Who Are the Countryside Alliance and What Do They Do?
The Countryside Alliance is an organisation which many people have heard of but fewer people actually know the true purpose for. The introduction of the hunting ban and all of the argument and debate which went before it and has continued to come after it thrust the Countryside Alliance into the limelight. But there is far more to the Countryside Alliance than simply fighting the hunting ban, as their 100,000 members will testify.
Champions of Country LifeQuite simply, the Countryside Alliance exists to serve the interests of those who live in, work in and spend recreational time in the countryside. The organisation styles itself as a champion of country life, and above all else, it wants to make sure that countryside life, as it has been for many years, continues to exist in its traditional form. Having said this, the organisation itself will be the first to point out that although countryside traditions are at the heart of what it does, the outlook has to be forward thinking, in order to help those in the countryside to survive – for example, like helping farmers to diversify and thus still be able to make a living in what is becoming a hard industry to cope in.
CampaigningThe Countryside Alliance’s knowledge of all of the rural areas of the UK is unsurpassed. From rural areas in the southern counties, to more hilly areas such as the Lake District, this knowledge means that the Alliance and its members are well-placed to campaign on issues of importance to rural communities. This knowledge gives them access to all kinds of public figures from a national, regional and local level. It has a strong history of lobbying for change where it might affect rural communities, and the most well known example of this is the fight against the Hunting Ban – which may or may not prove to be successful now a new administration is in place.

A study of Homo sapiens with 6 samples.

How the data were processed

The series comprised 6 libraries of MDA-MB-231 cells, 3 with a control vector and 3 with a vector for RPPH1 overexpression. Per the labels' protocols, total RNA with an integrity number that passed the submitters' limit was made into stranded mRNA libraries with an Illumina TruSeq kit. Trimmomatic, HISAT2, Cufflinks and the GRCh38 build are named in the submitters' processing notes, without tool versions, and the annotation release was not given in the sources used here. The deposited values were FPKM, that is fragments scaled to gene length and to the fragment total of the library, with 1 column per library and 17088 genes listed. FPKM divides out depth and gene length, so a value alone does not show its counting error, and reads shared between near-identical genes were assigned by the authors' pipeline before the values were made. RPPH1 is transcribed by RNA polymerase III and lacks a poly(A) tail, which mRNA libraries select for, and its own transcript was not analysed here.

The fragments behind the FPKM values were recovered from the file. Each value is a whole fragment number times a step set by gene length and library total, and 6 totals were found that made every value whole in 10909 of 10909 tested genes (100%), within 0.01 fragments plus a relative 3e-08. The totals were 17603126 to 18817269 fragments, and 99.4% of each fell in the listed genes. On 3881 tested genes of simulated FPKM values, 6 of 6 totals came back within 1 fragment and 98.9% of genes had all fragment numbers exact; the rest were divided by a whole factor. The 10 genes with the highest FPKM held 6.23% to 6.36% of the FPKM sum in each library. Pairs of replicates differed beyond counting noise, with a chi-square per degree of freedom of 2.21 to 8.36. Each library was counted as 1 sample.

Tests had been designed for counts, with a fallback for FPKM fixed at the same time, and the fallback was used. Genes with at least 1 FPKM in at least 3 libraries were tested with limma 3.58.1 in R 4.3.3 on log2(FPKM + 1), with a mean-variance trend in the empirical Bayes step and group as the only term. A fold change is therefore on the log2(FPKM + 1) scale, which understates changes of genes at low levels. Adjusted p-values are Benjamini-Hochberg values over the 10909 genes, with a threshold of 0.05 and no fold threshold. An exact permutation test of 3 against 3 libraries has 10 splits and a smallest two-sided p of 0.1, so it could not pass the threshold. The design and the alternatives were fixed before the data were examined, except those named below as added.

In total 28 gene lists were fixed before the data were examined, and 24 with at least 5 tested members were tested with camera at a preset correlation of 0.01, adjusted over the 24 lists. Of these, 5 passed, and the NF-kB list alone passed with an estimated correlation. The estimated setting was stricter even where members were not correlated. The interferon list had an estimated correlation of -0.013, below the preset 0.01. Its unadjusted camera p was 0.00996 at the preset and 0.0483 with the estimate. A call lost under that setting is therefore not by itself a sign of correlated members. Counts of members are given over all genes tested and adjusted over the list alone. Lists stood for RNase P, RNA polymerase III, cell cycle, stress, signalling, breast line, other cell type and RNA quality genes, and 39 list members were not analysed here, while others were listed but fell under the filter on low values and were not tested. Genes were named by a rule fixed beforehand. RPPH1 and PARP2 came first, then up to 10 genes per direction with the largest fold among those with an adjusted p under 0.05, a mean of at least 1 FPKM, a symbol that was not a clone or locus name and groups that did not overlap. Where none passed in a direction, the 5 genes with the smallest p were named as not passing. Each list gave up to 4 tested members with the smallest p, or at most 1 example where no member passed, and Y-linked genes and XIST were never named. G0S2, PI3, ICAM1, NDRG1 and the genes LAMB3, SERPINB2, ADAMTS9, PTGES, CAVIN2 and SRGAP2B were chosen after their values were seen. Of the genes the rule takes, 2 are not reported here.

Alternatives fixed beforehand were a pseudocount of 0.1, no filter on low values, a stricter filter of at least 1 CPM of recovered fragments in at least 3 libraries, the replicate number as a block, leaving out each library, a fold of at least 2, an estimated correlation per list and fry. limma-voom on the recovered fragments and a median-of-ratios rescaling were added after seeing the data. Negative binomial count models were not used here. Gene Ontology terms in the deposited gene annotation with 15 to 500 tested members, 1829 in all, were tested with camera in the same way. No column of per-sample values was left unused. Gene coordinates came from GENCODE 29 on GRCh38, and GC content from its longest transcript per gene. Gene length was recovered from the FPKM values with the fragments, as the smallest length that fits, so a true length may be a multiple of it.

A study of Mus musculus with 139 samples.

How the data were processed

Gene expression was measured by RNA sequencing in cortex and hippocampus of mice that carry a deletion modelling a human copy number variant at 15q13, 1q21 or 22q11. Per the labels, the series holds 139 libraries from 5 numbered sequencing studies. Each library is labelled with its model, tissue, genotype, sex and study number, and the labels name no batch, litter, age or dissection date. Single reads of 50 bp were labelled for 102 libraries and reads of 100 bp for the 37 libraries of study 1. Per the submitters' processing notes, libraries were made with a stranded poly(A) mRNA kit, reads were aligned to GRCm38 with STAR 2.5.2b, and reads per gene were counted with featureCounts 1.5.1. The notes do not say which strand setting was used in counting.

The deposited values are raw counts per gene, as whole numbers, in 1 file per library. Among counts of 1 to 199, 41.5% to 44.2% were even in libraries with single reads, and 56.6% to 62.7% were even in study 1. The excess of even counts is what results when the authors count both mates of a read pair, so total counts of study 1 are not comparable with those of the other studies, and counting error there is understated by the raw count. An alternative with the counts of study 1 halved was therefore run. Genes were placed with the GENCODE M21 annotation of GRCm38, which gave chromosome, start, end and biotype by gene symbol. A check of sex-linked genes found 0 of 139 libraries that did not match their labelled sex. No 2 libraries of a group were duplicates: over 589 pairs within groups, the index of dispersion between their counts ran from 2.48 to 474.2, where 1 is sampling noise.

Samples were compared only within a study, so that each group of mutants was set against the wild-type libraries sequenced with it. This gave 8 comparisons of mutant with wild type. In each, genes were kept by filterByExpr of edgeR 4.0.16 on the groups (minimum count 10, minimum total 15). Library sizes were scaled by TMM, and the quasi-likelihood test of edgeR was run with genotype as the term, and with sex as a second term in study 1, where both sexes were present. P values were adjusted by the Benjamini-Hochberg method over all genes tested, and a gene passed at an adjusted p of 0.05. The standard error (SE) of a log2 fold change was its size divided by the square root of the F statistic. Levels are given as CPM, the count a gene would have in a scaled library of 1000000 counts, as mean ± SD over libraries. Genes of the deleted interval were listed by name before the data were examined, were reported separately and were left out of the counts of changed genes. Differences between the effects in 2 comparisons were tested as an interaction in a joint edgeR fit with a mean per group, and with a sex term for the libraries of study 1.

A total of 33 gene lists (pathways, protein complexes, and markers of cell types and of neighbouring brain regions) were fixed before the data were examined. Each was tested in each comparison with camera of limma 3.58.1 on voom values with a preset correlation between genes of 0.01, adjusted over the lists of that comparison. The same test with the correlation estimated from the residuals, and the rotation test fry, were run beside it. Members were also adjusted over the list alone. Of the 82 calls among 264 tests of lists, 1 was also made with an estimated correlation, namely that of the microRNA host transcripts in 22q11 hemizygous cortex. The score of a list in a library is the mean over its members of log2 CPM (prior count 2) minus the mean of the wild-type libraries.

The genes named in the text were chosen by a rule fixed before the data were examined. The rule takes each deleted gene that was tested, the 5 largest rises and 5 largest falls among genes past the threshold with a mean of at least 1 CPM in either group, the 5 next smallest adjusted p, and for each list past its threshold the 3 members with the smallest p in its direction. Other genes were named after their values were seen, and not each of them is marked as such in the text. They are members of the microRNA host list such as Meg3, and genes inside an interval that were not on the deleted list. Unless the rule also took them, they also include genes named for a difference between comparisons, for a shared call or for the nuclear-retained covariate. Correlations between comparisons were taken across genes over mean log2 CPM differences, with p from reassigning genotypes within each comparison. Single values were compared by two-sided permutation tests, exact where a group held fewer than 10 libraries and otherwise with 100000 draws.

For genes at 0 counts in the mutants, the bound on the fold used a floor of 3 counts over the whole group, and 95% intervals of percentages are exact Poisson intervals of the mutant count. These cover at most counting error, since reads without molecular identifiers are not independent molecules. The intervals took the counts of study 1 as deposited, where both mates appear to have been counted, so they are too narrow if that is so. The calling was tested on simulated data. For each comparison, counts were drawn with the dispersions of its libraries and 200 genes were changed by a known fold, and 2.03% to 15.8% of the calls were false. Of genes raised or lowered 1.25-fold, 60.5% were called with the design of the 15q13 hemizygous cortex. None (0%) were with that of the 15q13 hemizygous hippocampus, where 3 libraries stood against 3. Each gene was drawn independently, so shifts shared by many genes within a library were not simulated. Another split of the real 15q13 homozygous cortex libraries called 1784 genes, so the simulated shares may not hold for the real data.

Is it a Charity?The Countryside Alliance itself is not a charity – it is more of a club, albeit a very big one with a big scope. But within the club there are different arms and one of these is a charitable arm. Called the Countryside Alliance Foundation, it carries out a variety of good work across the country, supporting the work that the Alliance itself does. This can include educating people about rural areas, what life is like in the countryside and how and why they can help to protect it.
So, while it is easy to think that the Countryside Alliance exists solely to focus on the hunting ban, and represent horses and riders, the truth is that this is a tiny part of its work. In reality, in works alongside many other organisations, some of them which are not even hunting-related. It is politically neutral, although many of its activities and views have a more natural home on the right wing – and in this area, the hunting ban debate really does come to the fore, as many saw it as a very left wing decision to make in the first instance.